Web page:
A few months ago, some luxury brand managers in the US believed that, beyond the impact of the Covid-19 crisis, sales were being affected by a wait-and-see attitude to the upcoming presidential election. I don’t think there is any evidence to back this idea now and, if anything, luxury sales in the US have proven to be far more than just merely resilient given the coronavirus lockdowns and resulting economic crisis, a reality that was seen in strong third-quarter sales in the US at both LVMH and Kering.
A stroll down Madison Avenue and Fifth Avenue in Manhattan this weekend offered up an interesting contradiction. While most stores were boarded up ahead of potential civil unrest on election night and in the days to follow, plenty of people were queuing outside luxury boutiques. Of course, social distancing measures generate unnatural queues, but inside stores, it wasn’t exactly quiet, suggesting that consumers are eager to spend despite the headlines.
So, why are consumers purchasing luxury goods at present?
In mainland China, observers pointed to “revenge spending” in April of this year and here in the US, it’s fair to say there is also plenty of pent up demand. Wealthy consumers held back between March and June, but since July have come back with a vengeance. Historically, US demand for luxury goods has been correlated with the stock market, and while the S&P 500 had a rough time last week, it’s still only about 10 percent under its all-time high.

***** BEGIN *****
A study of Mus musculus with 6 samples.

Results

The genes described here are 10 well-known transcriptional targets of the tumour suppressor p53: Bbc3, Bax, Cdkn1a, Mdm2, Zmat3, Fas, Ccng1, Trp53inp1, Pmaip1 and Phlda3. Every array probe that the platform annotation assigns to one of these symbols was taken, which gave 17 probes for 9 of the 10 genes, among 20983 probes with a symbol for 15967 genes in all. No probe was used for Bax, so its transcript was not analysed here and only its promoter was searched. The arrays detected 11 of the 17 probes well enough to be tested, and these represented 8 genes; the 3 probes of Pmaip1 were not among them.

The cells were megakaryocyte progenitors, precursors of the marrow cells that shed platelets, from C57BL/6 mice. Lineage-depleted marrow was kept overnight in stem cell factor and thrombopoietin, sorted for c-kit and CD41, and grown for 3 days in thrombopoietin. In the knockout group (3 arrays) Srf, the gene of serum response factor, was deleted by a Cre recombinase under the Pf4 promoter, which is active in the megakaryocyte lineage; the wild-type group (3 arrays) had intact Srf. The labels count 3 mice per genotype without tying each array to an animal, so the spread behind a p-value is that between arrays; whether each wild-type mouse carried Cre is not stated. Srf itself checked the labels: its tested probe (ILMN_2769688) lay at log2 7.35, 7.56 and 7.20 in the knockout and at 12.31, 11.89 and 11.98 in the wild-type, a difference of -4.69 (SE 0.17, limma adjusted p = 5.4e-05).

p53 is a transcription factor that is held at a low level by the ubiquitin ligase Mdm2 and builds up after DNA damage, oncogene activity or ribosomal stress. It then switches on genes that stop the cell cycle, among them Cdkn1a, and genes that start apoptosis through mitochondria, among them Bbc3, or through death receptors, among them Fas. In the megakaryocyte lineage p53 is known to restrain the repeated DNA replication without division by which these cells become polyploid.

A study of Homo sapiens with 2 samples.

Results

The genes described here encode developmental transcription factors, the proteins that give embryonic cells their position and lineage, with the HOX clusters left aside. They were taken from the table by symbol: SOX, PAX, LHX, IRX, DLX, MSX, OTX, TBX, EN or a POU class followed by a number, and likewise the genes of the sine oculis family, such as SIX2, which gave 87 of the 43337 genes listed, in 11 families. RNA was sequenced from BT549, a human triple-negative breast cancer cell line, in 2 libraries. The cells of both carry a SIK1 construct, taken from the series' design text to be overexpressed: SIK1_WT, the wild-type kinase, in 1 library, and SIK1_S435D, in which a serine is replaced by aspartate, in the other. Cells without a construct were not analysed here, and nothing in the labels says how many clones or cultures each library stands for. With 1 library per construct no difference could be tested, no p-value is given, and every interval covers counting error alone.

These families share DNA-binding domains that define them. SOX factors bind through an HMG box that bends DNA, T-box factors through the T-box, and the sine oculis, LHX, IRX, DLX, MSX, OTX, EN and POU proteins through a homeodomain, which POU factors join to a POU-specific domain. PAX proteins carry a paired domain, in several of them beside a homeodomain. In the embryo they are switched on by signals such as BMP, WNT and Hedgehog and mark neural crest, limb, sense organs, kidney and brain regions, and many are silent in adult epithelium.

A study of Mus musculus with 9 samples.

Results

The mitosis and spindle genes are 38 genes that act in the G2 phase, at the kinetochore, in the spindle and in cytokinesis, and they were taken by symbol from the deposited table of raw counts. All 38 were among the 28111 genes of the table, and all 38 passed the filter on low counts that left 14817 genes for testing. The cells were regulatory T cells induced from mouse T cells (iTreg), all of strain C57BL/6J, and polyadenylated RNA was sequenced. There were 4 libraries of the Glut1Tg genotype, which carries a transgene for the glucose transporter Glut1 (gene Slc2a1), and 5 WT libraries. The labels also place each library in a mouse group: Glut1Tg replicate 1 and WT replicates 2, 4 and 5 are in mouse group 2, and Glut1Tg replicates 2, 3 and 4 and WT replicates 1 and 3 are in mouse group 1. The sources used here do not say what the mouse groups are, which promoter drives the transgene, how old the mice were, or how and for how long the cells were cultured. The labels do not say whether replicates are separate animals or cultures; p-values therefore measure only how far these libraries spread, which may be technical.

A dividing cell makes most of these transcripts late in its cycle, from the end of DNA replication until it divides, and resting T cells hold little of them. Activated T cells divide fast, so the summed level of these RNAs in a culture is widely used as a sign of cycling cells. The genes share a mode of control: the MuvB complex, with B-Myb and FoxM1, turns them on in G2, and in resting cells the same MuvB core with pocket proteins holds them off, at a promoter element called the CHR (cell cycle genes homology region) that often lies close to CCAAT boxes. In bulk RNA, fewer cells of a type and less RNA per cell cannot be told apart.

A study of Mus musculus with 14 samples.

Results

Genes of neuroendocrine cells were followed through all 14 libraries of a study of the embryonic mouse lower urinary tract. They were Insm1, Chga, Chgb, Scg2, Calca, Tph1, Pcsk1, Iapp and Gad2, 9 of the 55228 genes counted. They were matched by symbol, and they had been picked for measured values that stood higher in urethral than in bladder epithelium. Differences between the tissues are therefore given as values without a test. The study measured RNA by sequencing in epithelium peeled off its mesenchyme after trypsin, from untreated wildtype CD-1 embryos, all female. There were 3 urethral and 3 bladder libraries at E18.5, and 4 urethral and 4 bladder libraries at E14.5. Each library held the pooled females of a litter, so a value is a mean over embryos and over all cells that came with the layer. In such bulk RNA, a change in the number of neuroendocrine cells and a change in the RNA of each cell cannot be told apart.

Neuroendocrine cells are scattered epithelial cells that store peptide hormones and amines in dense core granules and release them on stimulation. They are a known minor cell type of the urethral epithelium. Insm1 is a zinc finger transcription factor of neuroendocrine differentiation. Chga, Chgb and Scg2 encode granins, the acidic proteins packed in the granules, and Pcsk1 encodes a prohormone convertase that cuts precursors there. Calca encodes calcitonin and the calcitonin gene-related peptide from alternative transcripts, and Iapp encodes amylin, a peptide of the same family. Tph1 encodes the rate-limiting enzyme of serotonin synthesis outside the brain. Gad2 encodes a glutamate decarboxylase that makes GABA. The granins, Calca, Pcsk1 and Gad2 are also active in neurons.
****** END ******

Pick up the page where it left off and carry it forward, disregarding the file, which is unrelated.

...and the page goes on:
Second, with a meaningful exodus from city centres like Manhattan at the height of the first Covid wave in April and again with the second wave in July, wealthy individuals have been snapping up new homes in the suburbs, sending prices surging. Prices in the Hamptons increased in price by an average 46 percent in Q3, according to a report compiled by appraisal firm Miller Samuel for real estate company Douglas Elliman. This has generated huge profits for sellers, resulting in splurges on luxury goods.
Third, like in China, but to a lesser extent, the US luxury market has benefited from a repatriation of luxury spending, as wealthy families used to flying to Europe in the summer stayed home. The trend towards “staycationing” has also meant that cash once spent on flights, hotels and Michelin-starred restaurants has been redirected.
Of course, equity markets, the property market and “staycationing” are susceptible to volatility. Indeed, economists and journalists say the outcome of today’s election will have dramatic consequences for tax rates, the stock market and overall economic prosperity, which should, in turn, have implications for luxury spending.
But the consequences of the election result on luxury demand are unclear, with observers offering contradictory analyses. And even as we have entered a third wave of Covid-19 infections in the US, demand for luxury seems unwavering.
Here, there are also long-term trends at play. For years, luxury demand in the US was held back by a “guilt factor” that was prevalent post-9/11 and again post-2008. Splashing out on a Gucci handbag or a Bulgari necklace was frowned upon, and seen as inappropriate or vulgar at the time. But today, brands are recruiting many new, young, consumers who are eager to buy and purchase iconic, logo-driven products.
Given the amount of wealth in the US, the underdeveloped nature of the luxury market relative to that wealth and the recent shift towards a mentality that says it’s appropriate to reward oneself, it’s clear to me that, taking a long view, America’s luxury market has good days ahead, whatever happens in this week’s election.
Erwan Rambourg is a luxury analyst and the author of ‘The Bling Dynasty: Why the Reign of Chinese Luxury Shoppers Has Only Just Begun’ (2014, Wiley) and the recently published ‘Future Luxe: What’s Ahead for the Business of Luxury’ (2020, Figure 1 Publishing).